KUCB KIAL Unalaska Community Broadcasting

Science & Environment

Science and environmental reporting on news and community topics. Science coverage is occasionally provided by community members.

T. Keith, U.S. Geological Survey

Bogoslof Volcano blew again Monday morning, marking its thirty-seventh explosion since the volcano roared back to life three months ago.

The short blast began around 3:30 a.m. and lasted just 12 minutes.

While the eruption produced an ash cloud, the Alaska Volcano Observatory has not predicted ash fall for Unalaska.

Scientists say this explosion appears to be over, and the AVO has left Bogoslof’s alert level at an intermediate “watch.” 

Laura Kraegel/KUCB

 

Late on a Friday afternoon Melissa Good sits on her front step filling out labels for a dog carrier. The crate is not for her dog. It holds a yearling ringed seal.

“He looks like he’d be nice and light and fluffy like a fluff ball, but not the case,” she said. “He’s heavier than he looks. He’s really dense! About two feet long about 30 pounds.”

 

Janet Schaefer/ADGGS/AVO

The Alaska Volcano Observatory (AVO) has lowered the alert levels for two Aleutian volcanoes.

Bogoslof is back at the intermediate "watch" level, following a powerful eruption Tuesday night.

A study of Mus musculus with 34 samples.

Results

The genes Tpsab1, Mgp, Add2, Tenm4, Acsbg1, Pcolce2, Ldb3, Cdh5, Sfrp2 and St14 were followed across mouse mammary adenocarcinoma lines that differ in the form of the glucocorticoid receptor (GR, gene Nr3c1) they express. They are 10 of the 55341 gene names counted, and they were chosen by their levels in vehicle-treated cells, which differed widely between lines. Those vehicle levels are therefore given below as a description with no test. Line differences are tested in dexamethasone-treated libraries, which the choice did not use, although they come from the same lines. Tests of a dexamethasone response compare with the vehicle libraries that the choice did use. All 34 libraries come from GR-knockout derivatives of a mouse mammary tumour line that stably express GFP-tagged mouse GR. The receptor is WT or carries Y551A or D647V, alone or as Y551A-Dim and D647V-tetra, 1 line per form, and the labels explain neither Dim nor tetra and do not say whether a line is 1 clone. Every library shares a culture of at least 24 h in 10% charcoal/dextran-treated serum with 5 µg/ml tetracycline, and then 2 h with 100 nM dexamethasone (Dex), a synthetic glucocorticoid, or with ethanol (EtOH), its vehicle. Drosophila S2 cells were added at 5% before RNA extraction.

The volcano hasn’t produced ash since that three-hour blast and its seismicity has died off, but scientists say Bogoslof could blow again with little warning.

Meanwhile, Cleveland Volcano -- 45 miles west of Nikolski -- has been quiet since a small eruption last month.

Dave Schneider/USGS/AVO

Bogoslof Volcano exploded Tuesday night in its most powerful eruption since activity began three months ago.

Given the intensity of the three-hour blast, scientists expected Unalaskans to wake up and find the island dusted with ash.

Kristi Wallace of the Alaska Volcano Observatory (AVO) said she was puzzled when that didn’t happen.

Courtesy Chugach Children’s Forest

 

When you open a REI catalog or page through Outside magazine, what do you see? Do the people on the page look like you? Arctic Youth Ambassador Reth Duir is working to make that imagery more representative.